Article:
This subject fascinates me! I've already posted several times about the Eucharist - about meaning and reception. Here's a little more about the sometime controversy and frequent questions regarding who gets to draw near to and feast at the Table of Life. I love the way both sacraments reflect and embody the paradoxical nature of God's self-revelation in Jesus Christ, the paradox of the humanity and divinity of biblical witness and the plain paradox we encounter whenever we talk about God.
Jürgen Moltmann: Jesus' invitation is prevenient.
...because it's the eschatological feast to which people will come from the east and the west, the north and the south, and sit at table in the Sovereignty of God and the Church is *supposed to be* the provisional demonstration of what God intends for all humanity.
Those Reformers, particularly Calvin and Luther: We need to keep Word and Sacrament tightly yoked, which is one rationale and even a type of justification for some denominations and local churches insisting communicants – including young children – need to get a dose of the Word proximate to the time they receive the sacrament. So, although a Service of the Word is not uncommon, churches (at least in mainline traditions) never celebrate Eucharist without a reading and an exposition of the Word.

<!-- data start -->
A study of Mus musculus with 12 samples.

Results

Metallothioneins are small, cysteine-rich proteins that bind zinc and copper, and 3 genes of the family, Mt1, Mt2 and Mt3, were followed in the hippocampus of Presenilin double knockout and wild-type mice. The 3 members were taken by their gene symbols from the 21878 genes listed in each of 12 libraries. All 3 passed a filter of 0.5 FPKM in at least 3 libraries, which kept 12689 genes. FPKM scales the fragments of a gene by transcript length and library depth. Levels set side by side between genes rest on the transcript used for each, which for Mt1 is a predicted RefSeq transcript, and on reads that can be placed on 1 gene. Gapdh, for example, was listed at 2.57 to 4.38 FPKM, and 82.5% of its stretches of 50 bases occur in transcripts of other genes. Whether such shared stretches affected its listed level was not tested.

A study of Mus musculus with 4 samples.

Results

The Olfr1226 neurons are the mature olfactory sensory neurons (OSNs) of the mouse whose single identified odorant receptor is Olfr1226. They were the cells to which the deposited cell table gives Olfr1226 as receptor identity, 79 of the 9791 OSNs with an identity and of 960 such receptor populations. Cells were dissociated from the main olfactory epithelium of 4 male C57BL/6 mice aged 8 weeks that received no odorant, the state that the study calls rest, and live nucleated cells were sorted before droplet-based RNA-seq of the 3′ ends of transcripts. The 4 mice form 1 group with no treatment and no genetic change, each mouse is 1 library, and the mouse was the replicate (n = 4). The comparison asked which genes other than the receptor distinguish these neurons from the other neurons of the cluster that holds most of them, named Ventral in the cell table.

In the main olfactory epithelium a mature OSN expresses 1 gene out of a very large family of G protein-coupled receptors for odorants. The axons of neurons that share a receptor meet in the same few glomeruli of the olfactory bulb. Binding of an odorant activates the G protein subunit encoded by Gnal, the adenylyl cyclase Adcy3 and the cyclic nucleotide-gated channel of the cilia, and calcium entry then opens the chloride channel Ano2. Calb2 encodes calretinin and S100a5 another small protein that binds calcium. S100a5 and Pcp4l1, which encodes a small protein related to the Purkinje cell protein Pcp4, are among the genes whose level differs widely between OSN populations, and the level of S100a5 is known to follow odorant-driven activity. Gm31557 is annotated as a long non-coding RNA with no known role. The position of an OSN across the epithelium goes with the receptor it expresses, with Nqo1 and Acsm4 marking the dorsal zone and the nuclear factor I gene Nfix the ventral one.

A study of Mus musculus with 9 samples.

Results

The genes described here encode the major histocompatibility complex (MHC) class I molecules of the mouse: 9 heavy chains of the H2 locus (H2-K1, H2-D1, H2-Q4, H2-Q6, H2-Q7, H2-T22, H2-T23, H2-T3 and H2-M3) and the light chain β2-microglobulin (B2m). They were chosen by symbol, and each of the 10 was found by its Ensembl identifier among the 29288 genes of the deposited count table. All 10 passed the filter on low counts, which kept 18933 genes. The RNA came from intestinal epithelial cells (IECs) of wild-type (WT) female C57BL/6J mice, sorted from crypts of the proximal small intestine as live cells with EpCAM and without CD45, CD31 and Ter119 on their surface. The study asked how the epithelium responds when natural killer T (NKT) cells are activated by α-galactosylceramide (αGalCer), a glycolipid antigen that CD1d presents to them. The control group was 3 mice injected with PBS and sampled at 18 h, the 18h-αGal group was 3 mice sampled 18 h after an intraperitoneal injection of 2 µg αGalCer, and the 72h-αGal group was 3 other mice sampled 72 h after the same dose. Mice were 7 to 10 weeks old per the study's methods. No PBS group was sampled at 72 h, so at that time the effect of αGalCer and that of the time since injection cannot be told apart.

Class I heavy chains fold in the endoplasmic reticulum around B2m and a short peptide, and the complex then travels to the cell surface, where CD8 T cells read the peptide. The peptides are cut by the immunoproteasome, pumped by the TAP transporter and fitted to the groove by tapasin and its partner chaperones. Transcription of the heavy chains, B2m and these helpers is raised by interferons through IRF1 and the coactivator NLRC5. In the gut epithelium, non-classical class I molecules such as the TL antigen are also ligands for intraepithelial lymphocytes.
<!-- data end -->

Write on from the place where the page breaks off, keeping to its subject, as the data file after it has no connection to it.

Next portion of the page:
Methodist Book of Discipline: If you're receiving the sacrament of HC, you're identifying with Jesus' way, so you need to be preparing for baptism.
Some insist: It's the church's feast - yes.
Others: It's Jesus' meal - again, yes!
Still others: well, North American theologian Robert McAfee Brown says people who aren't practicing justice and righteousness in their everyday weekday lives *should* be kept from the Lord's Table! Part of me concurs with him, though another part of me rejoices mightily every time I hear the presider announce a truly open Table. In ages past more than one U.S. protestant denom had a routine of either distributing tokens for admission to Holy Communion or requiring consultation with the pastor for permission to commune. I'd suppose some congregations of the Lutheran Church-Missouri Synod retain the custom. hile realizing both Calvin and Luther kept the latter practice in the churches they pastored, I do realize (really!) either one is phenomenally open to abuse.
My response: It's both Jesus' and the Church's meal and...
Here's an interesting note:
Hebrew Bible scholar Walter Brueggemann: Communion is "pre-Eucharist"; in mentioning Luther's Catechism's (usual preparation for 1st Communion) beginning with the commandments, WB says, of course—it's the God of the Commandments with whom we commune!